Weno, Chuuk— On April 23, 2015, Acting Chief Justice Ready Johnny found the defendant, Silisio a.k.a. “Sirco” Tipingeni guilty on all ten charges brought by the FSM government in FSM v. Tipingeni, Criminal Action 2013-037. The Department of Justice’s criminal information included eight counts of criminal deprivation of the civil right against slavery and involuntary servitude, one count of aggravated money laundering, and one count of aggravated criminal mischief. Justice Johnny imposed a one-year sentence for each count, to be served consecutively for a total of ten years. The sentence includes probation with conditions that include: (1) home confinement in Uman except for medical emergencies; and, (2) twenty weekends at the Chuuk State jail with the balance of the incarceration suspended on the condition the defendant successfully complete probation. Acting Chief Johnny noted that this was the first case of its kind prosecuted in the FSM and that it was important to make a statement that such crimes will be punished in the FSM. FSM Department of Justice Assistant Attorney General Aaron Warren handled the case for the FSM Government. FSM Chief Public Defender, Julius J. Sapelalut, handled the defense.
In its opening statement at trial, the Government contended that the defendant’s role as the primary recruiter in Chuuk was critical to carrying out a criminal enterprise that involved multiple co-conspirators both in Guam and in Chuuk. During its case-in-chief, the Government showed that the defendant recruited eight young Chuukese women to work in Guam based on false promises of legitimate work in restaurants and retail stores. Once the women arrived in Guam, however, the defendant’s co-conspirator, Song Ja Cha, met them at the airport. Their passports were immediately taken and they were taken to the “Blue House Karaoke Bar” where they were told they must work to repay the debt for their travel from Chuuk or they would be arrested. The victims were locked inside the Blue House, and if they protested, they were deprived of food, beaten, and threatened with arrest. Damning testimony was presented of one of the defendant’s daughters and his niece who corroborated that the defendant had ordered the daughter to return to the Blue House after she ran away despite the daughter’s pleas that she was beaten if she refused to have sex with Blue House customers. The Government also showed that in 2007, the defendant received over $10,000 in wire transfers, a watch, and other remuneration from Song Ja Cha for the recruitment of the victims.
In addition to the defendant and Song Ja Cha, other co-conspirators included members of the Guam police force and two Chuukese women who acted as enforcers to intimidate and monitor the victims in order to prevent them from running away from the Blue House. Two other prosecutions, one in the Guam Federal Court and one in the Guam Superior Court, had previously resulted in convictions of Song Ja Cha and the other co-conspirators.
The investigation and preparation for trial was the result of unprecedented cross-jurisdictional coordination and assistance between the FSM and U.S. governments. In response to a request for assistance from the FSM government, the U.S. government authorized the Guam and Honolulu FBI offices to provide technical, logistical, and financial assistance for the prosecution. Honolulu based FBI victims specialist Monica Rowsey facilitated the travel and preparation of victims to testify at trial, and the preparation of victim impact statements for sentencing. Guam based FBI Special Agent Jason Dodd assisted throughout the preparation of the case by facilitating authorization for evidence held by U.S. authorities to be released to the FSM Department of Justice for use in the case; locating and coordinating meetings with witnesses in Guam, Saipan, Honolulu, and the mainland U.S.; and by providing technical expertise and support to the prosecution. FBI Special Agent Jason Dodd also testified for the FSM government both at trial and at sentencing, providing critical testimony showing the connection between the defendant’s recruitment in Chuuk and the criminal exploitation of the victims in Guam, the long term trauma to the victims, and the financial greed that motivated the defendant to trick and deceive his own daughters and relations into conditions of slavery.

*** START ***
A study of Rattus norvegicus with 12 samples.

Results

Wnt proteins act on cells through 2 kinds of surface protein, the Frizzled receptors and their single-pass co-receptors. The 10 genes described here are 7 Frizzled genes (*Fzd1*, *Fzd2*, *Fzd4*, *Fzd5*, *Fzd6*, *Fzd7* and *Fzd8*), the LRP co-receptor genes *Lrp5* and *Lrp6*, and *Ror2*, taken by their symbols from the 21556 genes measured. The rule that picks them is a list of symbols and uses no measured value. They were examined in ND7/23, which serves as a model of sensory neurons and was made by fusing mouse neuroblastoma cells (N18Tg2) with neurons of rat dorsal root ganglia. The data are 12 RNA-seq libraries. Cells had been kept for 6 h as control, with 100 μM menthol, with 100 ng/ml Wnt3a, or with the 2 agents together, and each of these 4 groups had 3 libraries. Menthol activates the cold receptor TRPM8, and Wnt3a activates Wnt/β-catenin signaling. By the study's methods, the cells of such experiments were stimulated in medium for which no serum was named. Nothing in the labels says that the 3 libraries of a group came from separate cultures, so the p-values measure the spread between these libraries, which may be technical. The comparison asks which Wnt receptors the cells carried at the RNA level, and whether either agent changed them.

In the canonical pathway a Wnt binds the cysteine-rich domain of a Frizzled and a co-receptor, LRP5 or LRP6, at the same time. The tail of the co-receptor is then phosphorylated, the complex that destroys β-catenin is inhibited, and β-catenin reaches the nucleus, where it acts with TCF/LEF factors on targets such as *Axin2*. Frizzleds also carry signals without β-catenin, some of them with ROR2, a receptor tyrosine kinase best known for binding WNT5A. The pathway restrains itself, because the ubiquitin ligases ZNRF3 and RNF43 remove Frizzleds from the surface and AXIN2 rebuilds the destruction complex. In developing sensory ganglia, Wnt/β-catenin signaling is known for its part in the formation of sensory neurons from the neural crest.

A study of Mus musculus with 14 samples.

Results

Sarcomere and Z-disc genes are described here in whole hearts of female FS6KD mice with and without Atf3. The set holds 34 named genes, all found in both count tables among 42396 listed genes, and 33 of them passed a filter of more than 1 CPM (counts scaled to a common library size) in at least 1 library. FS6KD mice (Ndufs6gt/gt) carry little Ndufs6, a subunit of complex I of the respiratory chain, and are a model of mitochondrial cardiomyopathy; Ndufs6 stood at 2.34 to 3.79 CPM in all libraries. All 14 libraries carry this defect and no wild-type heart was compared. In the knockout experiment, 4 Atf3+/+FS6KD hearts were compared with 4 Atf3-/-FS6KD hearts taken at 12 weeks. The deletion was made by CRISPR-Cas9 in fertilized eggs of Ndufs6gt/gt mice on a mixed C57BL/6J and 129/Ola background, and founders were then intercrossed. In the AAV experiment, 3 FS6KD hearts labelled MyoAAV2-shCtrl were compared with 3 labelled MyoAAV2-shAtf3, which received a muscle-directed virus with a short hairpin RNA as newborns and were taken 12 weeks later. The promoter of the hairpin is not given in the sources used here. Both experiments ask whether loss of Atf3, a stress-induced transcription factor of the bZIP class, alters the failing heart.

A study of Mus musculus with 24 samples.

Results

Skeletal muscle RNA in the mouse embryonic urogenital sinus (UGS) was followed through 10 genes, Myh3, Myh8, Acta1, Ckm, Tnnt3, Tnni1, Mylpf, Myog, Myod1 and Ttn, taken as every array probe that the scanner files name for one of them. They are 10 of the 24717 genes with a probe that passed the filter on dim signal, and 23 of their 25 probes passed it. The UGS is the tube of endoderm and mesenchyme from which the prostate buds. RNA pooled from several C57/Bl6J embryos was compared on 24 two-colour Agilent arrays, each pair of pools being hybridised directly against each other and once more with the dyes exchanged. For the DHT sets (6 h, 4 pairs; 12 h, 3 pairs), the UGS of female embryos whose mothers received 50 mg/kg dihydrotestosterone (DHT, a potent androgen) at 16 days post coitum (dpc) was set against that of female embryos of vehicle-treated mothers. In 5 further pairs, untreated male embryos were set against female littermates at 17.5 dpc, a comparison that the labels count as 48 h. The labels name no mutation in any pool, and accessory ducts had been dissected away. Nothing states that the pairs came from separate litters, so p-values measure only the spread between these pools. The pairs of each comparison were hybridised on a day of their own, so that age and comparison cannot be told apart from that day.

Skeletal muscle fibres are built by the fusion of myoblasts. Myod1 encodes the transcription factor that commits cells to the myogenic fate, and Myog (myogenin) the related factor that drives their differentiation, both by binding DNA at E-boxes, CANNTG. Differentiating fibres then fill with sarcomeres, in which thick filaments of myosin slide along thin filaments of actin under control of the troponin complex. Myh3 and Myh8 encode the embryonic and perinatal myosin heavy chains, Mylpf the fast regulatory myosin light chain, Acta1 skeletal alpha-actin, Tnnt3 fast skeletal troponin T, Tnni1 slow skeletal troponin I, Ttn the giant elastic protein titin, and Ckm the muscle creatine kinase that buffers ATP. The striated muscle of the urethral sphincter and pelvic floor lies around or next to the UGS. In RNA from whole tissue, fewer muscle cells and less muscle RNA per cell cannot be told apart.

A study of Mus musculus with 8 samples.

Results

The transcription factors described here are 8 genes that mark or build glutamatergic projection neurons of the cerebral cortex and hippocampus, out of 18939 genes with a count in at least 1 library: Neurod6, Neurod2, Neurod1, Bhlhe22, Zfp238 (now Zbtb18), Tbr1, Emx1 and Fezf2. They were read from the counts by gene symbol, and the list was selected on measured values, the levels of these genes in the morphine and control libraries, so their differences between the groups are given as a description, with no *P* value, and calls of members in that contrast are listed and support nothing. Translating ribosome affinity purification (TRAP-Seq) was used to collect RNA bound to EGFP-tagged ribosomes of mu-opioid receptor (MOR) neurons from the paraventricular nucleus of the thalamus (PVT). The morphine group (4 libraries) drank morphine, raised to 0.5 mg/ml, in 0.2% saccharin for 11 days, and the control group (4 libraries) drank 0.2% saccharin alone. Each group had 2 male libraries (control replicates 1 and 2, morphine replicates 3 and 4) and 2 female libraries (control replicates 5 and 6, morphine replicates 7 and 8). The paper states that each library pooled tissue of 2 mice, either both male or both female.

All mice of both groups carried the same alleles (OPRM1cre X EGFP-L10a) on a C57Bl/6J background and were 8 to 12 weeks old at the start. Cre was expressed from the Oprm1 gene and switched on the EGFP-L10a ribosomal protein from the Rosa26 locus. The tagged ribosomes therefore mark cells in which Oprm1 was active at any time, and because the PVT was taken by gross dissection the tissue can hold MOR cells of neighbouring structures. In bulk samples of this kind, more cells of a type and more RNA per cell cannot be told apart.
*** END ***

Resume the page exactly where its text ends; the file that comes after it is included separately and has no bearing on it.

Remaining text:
The underlying events in the case took place primarily during 2006 and 2007 when the victims were recruited from Chuuk. By the time of trial, most of the key witnesses no longer resided in the FSM. However, all but one of the alleged victims and other key eye witnesses testified for trial, some by live testimony and others by video recording that was prepared at the FBI Field Office in Guam. Those victims who returned to Chuuk to testify were briefly reunited with their families who they had not seen since their recruitment to Guam in 2007.
Human trafficking charges under the Trafficking in Persons Act of 2012 (Public Law 17-38) could not be charged in the Chuuk case, as the events occurred before the 2012 law went into effect. However, in his closing argument, AAG Warren remarked that although the case was brought under the criminal civil rights provision and other provisions of the FSM Code, the case was “a textbook” example of human trafficking. In the U.S. State Department’s most recent annual Trafficking in Persons report, the FSM was upgraded to Tier 2 from Tier 2 Watchlist due in large part to the priority placed by the FSM Government on addressing human trafficking through dedicated initiatives for public awareness and law enforcement. The successful investigation and prosecution of human trafficking offenses are key criteria that are evaluated in the U.S. State Department’s Trafficking in Persons report.